This year has been full of literary discoveries. Despite the lack of reviews posted on the blog, I still wanted to share with you some of my favorite readings of 2016. Here’s a comprehensive list.
CRIME AND PUNISHMENT, Fyodor Dostoevsky
This is most-likely the greatest novel I have read in a long time. Dostoevsky’s writing style and the way he built the plot made me so very fond of Crime And Punishment. The Russian writer depicts a wide panorama of characters, enriched by thorough psychological portraits. I’ll leave the rest so that you can discover it all by yourself.
O PIONEERS!, Willa Cather
The first episode of Cather’s Great Plains trilogy painstakingly recounts the story of the Bergsons, a Sweden family who has emigrated to America. The sketches of the Wilderness recreates a vivid environment for the female protagonist’s rise in a traditionally male-dominated world. Brilliant historical and feminist fiction.
LA PART DES FLAMMES, Gaëlle Nohant (untranslated)
Set At dawn of the eighteenth-century, La Part des Flammes relates the fate of three women: Sophie d’Alençon, Constance d’Estingel and Violaine de Raezal. From different generations and backgrounds, their lives are bind by the real-life acclaimed annual charity event Le Bazar de la Charité, located at the heart of Paris, which took fire in 1897. The embedded tale is recounted on a refined tone, making the reader to indulge in 1897 France.
THE TRIAL, Franz Kafka
Uncompleted dystopian and absurdist novel, The Trial, heavily influenced by Dostoevsky, is substantially loaded with philosophical questions. It relates the story of Josef K.’s sudden and unexplained arrestation. His quest is to defend himself without notice of his accusation. The novel echoes with real life events that have occurred throughout history and can thus be read as a parable, an existential tale or can be linked to totalitarianism and its tools of modern bureaucracy.
THE PROPHET, Kahlil Gibran
Published in 1923, The Prophet is a brief collection of essays based on philosophical and spiritual questions. Some words to describe it would be: awe-inspiring, life-changing masterpiece, beautifully poetic meditations.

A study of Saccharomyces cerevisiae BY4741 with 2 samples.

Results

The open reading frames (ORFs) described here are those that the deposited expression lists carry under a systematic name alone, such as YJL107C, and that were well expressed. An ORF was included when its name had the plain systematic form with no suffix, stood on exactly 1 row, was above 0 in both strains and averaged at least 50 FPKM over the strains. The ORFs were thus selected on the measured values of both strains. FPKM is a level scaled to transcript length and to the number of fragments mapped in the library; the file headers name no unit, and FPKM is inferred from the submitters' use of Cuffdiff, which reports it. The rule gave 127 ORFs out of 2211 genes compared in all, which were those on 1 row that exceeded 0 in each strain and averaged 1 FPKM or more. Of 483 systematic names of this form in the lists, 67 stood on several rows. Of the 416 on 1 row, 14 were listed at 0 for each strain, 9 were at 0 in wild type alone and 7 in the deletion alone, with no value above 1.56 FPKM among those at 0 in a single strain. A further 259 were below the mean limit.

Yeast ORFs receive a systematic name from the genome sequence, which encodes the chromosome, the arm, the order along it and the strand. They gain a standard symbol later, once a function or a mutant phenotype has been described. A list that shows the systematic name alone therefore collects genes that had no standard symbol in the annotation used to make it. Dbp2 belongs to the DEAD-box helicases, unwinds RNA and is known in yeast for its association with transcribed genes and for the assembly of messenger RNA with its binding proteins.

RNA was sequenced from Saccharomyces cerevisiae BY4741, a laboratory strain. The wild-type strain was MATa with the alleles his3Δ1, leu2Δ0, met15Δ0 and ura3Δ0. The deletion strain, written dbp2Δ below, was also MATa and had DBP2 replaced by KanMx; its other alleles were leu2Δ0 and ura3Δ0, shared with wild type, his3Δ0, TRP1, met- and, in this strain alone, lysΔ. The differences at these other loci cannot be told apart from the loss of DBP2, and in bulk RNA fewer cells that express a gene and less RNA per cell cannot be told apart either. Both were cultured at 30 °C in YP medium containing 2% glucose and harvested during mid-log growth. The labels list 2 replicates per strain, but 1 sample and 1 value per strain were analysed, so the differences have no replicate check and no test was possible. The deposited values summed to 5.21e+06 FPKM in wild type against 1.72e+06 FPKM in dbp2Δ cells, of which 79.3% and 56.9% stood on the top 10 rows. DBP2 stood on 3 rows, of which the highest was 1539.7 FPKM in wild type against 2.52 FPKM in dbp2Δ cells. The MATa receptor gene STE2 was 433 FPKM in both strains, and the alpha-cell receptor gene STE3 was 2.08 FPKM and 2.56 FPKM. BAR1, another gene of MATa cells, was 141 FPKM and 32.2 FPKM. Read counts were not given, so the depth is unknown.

‘Beauty is eternity gazing at itself in a mirror. But you are eternity and you are the mirror.’
QUIET, Susan Cain
Most-probably one of the greatest books I have read in far too long (in forever maybe). A very informative account of what makes an introvert, intended both for introverts and extroverts. Make peace with yourself as an introvert for every single trait you’ve ever been blamed. Now’s the time to accept yourself, so cultivate your Quiet Powers and rise. You will shine. (Read my full review here.)
THE FOUR AGREEMENTS, Don Miguel Ruiz
Using ancient Toltec wisdom as a basis, Ruiz recounts the four rules to live a fulfilled, free and blissful life. Those life lessons are applicable to every and any domain, to remind yourself of day by day and to enjoy without reserve. Read it, you will feel it.
BIG MAGIC, Elizabeth Gilbert
Whatever kind of art you practice — plain life it may be! — this book will be a definite source of inspiration. Gilbert, the proclaimed author of Eat, Pray, Love, guides you along her creative life journey to teach you about what it takes to live a more creative life, taking into account the good, the bad and the ugly.
FRANCOISE, Laure Adler (untranslated)
Françoise Giroud was a French journalist, writer and politician. She embodied the prominent figure of feminism in twentieth-century France. A self-made successful woman coming from a modest background, she paved her way to journalism, by co-founding L’Express, a renown and still published political magazine. This exhaustive biography will guide you along the great life Giroud led fighting for her beliefs.
THE HISTORY OF ROME #1, Livy
The only surviving work of Livy, The History of Rome is compounded of 142 ‘books’ which recounts the history of the Roman Empire, covering the period from the arrival of the Aeneas to the death of Drusus in 9B. The chapters are narrated through brief essays and plunge you into the antic Rome. Simple but effective, and enthralling!
THE INTERPRETATION OF DREAMS, Sigmund Freud
In this classic of psychology, Pr. Sigmund Freud offers an exhaustive account of his research on the unconscious. Dreams, considered ‘the royal road to the unconscious’, do not rely more on universal symbols than personal circumstances. As he narrates and analyzes his own dreams, the Professor also informs the reader with a method to understand their dreams. A gripping read, you’ll definitely want to learn more about it!
LEAVES OF GRASS, Walt Whitman
Whitman’s masterpiece is a celebratory ode to the American nation and its founders. The acclaimed eighteenth-century poet enhances the bond between people and nature. He depicts the Wilderness in all its beauty. Words to breathe. Refreshing.
THE ECLOGUES / THE GEORGICS, Virgil
The same way Whitman inspired American poetry, Virgil’s work inspired the European tradition of pastoral poetry, giving life to nature. These collections are among the greatest works of Latin literature and a must-read for anyone interested in poetry in general.
THE MASNAVI (BOOK #2), RUMI
This lengthy work of poetry, compounded of 25,000 verses and compiled in six different books, is also known as one of the most influential mystic poems of all times. Based on Sufis philosophy, Rumi conveys through his writing his spiritual teachings. A very profound poem to enjoy, if not for its universal wisdom and sometimes hard-to-grasp meaning, for its magnificent writing style.
Have you read any of these? What do you think of them?
What are the best books you have read this year?